Malta Company Prohibition of Financial Assistance
Article 110 (1)(b) of the Companies Act, Chpater 386 of the Laws of Malta, prescribes that a company may not give directly or indirectly, whether by loan, guarantee, the provision of security or otherwise, any financial assistance for the purpose of an acquisition or subscription made or to be made by any person of or for any shares in the company or its parent company.
At the outset, it is important to note that the aforesaid prohibition does not extend to transactions effected with a view to the acquisition of shares by or for the company’s employees or the employees of the group company (this is an employee fringe benefit that may apply in some companies with the intended effect to incentivising the employees into better productivity, since they have a personal stake in the company). However, this derogation shall apply insofar that the said transaction shall not have the effect of reducing the company’s net assets below the amount of its issued share capital together with its undistributable reserves.
Another slight exception is permitted in the case of financial assistance granted to units in investment companies with fixed share capital (INVCOs) for the purpose of or in connection with the acquisition of shares by another undertaking. Once again though, this exemption is qualified by the need for the assistance not to have the effect of reducing the company’s net assets below the amount of its issued share capital together with its undistributable reserves.
Interestingly, the aforesaid prohibition does not apply to Shipping Companies whereby private companies regulated by the Merchant Shipping (Shipping Organisations – Private Companies) – Chapter 234 of the Laws of Malta, are afforded absolute carte blanche provided that such financial assistance may only be given after due notice thereof has been given to the Registrar of Companies – through the filing of the so called Form D. Likewise, Article 110 (1)(b) shall not apply to securitisation vehicles – provided that such securitisation vehicle is not set up as a public company (implying therefore that a securitisation vehicle set up as a private limited liability company shall have no restrictions whatsoever).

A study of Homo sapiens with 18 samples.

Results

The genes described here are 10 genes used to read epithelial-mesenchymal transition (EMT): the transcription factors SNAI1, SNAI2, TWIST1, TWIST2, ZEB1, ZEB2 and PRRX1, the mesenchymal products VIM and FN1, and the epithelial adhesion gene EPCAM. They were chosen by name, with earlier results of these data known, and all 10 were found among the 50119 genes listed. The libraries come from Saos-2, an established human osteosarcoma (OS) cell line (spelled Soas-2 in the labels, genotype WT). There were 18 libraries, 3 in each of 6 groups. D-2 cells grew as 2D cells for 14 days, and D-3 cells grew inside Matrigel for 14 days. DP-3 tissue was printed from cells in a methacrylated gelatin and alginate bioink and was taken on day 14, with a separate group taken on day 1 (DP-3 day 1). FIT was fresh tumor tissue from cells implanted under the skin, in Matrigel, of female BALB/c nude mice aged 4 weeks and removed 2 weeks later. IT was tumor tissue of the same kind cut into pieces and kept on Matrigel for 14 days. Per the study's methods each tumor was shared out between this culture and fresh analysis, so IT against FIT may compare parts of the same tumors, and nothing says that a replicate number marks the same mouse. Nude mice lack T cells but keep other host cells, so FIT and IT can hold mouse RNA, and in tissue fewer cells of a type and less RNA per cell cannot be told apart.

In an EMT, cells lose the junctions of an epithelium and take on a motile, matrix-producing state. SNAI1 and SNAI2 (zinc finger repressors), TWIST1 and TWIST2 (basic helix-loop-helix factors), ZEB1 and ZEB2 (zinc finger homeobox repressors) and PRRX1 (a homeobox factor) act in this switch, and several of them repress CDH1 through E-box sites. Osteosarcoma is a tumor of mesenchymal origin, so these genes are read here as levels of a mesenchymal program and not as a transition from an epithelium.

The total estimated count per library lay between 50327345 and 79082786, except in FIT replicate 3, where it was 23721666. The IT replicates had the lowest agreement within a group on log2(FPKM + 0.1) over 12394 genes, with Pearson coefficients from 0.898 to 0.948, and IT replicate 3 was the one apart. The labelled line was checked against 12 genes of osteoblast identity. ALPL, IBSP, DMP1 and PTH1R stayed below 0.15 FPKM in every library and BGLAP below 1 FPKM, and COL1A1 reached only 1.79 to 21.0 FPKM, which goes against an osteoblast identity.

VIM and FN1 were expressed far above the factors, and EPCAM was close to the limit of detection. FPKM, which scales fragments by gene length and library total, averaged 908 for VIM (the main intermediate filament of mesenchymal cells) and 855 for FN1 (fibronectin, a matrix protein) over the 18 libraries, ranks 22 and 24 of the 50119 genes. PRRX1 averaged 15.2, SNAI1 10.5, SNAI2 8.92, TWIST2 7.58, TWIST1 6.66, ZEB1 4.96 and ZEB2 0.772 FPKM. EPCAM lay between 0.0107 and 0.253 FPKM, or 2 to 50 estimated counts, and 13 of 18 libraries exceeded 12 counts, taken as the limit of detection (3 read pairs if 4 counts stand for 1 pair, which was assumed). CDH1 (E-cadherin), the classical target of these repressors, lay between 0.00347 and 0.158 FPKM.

The reason for this prohibition is to avoid a distortion of the internal shareholding of the company, but artificially allowing third parties to acquire an equity participation in the company, and thereby gain control of the company. It would be indeed a travesty if the company in which shares are being acquired or its parent is providing a loan or guarantees to a third party for the acquisition of companies, within it. The legislator has extended the financial assistance to “any means possible” – thereby implying that the prohibition shall remain intact, even if complex financial structures are put in place with the aim of acquiring shares within the company. A corollary to this is the provision speaks of ‘acquisition of shares’ – which denotes a wide scope of actions from outright purchase, to exchanges, partition, donation etc; It therefore matters not what transaction is used for this acquisition, insofar that the
However, a further dissection into Article 110(1)(b), makes it evident that the prohibition of financial assistance lies in the provision of actual help. Mere co-operation or advice would therefore not be deemed to trigger any prohibition, albeit, the directors of the company should approach such possible co-operation with great care.
The extension of the prohibition to shares in the parent company is an interesting mention, intended to apply as wide interpretation as possible to the prohibition. However, it should be stated that subsidiaries of companies registered in Malta are not subject to this prohibition, since the Companies Act, cannot by way of its jurisdictional scope, be extended to foreign subsidiaries. Likewise, the prohibition would not extend to parent companies of a Maltese subsidiary, although it would be strongly advisable that clearance be sought with legal counsel in the jurisdiction where the subsidiaries or parent companies are incorporated, to exclude the applicability of a corresponding Article 110(1)(b).
If the provisions relating to financial assistance are in fact triggered then the transaction shall be deemed to be unlawful and therefore null and void. The directors who have assisted in this financial assistance, through the provision of monetary sums or loans etc; would be deemed to have breached their duties inherent in the office of directors and therefore be held liable.